The principle of compassion lies at the heart of all religious, ethical and spiritual traditions, calling us always to treat others as we wish to be treated ourselves. Compassion impels us to work tirelessly to alleviate the suffering of our fellow creatures, to dethrone ourselves from the centre of our world and put another there, and to honour the inviolable sanctity of every human being, treating everybody without exception with absolute justice, equity and respect. As the Dalai Lama says, “The true aim of the cultivation of compassion is to develop the courage to think of others and to do something for them.”
That being compassionate towards others requires being compassionate towards oneself too: serious intent, light touch. The Jain principle of anekantavada is about respecting the variety of perspectives in the world, but it has its roots in the interconnectedness of all beings. Being aware of how other people approach their joy and sorrow, the same kind that we personally go through in our own way, allows us to be more empathic and mindful of things we do and the people with whom we interact. “Compassion is an unstable emotion. It needs to be translated into action, or it withers. The question of what to do with the feelings that have been aroused, the knowledge that has been communicated,” says Susan Sontag.
Compassion without kindness is only half a loaf. Make it your task to perform one act of kindness every day, no matter how small. It can be as simple as picking up a scrap of paper in your neighbour’s yard, yielding to a car in traffic, or as complex as making a lonely person feel loved. The important thing is to make kindness a part of your daily life, so it becomes a normal response and you don’t have to strain to summon it forth from the dregs of your soul. The great inter-faith scholar Karen Armstrong argues that compassion is hardwired into our brains, yet is constantly pushed back by our more primitive instincts for selfishness and survival. Compassion moves us beyond our own wounds and back into human community. It asks the question: what sorts of people do bad things?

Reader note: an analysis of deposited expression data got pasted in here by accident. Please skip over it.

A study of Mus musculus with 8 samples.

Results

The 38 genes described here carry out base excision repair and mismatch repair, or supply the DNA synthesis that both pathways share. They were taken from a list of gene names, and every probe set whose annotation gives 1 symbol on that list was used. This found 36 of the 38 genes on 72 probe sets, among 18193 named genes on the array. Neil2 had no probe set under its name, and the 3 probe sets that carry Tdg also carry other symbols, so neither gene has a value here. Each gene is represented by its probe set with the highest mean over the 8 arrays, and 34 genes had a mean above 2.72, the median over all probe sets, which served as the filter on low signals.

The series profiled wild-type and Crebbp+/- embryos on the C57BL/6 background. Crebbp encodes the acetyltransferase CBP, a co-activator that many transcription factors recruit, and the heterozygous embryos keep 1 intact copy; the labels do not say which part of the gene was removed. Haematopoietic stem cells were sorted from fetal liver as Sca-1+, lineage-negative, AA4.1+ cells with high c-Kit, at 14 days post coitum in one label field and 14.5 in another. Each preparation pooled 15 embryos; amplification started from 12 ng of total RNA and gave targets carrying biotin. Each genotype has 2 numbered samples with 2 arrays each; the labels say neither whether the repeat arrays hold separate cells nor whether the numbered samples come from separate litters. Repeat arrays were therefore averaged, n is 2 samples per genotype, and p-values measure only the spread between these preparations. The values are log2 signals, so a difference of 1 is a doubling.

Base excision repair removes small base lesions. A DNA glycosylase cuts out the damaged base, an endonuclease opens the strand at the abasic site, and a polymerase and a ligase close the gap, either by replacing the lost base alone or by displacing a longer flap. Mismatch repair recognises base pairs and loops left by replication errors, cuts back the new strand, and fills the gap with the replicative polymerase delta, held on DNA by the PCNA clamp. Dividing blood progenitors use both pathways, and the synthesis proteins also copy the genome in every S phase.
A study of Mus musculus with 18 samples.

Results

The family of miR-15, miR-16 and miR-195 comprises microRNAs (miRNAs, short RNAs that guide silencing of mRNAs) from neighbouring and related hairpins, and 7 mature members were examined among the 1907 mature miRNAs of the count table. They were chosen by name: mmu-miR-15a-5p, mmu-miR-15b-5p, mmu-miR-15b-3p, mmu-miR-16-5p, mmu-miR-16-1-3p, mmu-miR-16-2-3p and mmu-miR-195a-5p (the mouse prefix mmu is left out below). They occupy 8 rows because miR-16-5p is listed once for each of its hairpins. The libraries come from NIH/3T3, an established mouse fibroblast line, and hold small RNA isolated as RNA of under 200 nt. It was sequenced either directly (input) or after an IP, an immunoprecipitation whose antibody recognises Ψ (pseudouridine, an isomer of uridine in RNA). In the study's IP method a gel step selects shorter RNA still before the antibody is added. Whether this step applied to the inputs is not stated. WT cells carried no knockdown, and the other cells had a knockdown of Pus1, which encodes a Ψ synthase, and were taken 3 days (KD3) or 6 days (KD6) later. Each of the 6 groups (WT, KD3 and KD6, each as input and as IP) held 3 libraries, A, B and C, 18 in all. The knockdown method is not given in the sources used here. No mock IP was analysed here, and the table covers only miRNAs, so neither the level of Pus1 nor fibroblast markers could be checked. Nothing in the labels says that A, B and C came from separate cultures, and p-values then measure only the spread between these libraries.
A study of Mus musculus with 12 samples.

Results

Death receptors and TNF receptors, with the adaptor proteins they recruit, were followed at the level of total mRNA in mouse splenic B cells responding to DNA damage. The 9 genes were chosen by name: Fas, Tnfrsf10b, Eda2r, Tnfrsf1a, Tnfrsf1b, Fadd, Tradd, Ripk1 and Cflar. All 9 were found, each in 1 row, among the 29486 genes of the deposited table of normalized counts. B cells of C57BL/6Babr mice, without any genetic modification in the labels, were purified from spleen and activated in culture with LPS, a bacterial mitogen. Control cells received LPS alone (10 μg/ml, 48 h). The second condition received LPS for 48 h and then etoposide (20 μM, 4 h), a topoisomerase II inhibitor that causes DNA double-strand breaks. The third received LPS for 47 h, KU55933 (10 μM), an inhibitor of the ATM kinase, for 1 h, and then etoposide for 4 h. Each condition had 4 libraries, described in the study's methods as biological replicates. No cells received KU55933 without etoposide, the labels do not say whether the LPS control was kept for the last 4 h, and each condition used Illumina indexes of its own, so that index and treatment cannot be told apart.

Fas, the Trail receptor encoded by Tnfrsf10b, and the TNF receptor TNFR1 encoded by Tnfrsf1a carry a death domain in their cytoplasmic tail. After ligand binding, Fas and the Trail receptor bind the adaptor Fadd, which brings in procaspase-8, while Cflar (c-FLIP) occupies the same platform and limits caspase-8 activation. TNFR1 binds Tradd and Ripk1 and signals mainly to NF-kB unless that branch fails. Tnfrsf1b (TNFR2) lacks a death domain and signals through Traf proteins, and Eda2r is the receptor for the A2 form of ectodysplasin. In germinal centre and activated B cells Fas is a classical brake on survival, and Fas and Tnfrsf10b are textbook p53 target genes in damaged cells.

The answer is lonely, scared, ignorant, confused, sick, misguided, angry, — in other words, all of us. But in our materialistic and ego-centred cultures, compassion is a dying gift. When bestselling books and movies all seem to focus on self-indulgence, and encourage whining over the personal and small problems of life, how can we grow into compassionate, unselfish beings? How can those who are truly compassionate avoid being hurt, used and abused by those who only take and never give in return? The answer has as many petals as an unfolding lotus flower, and within each petal is a simple truth. Compassion is the surest way of coming closer to the divine.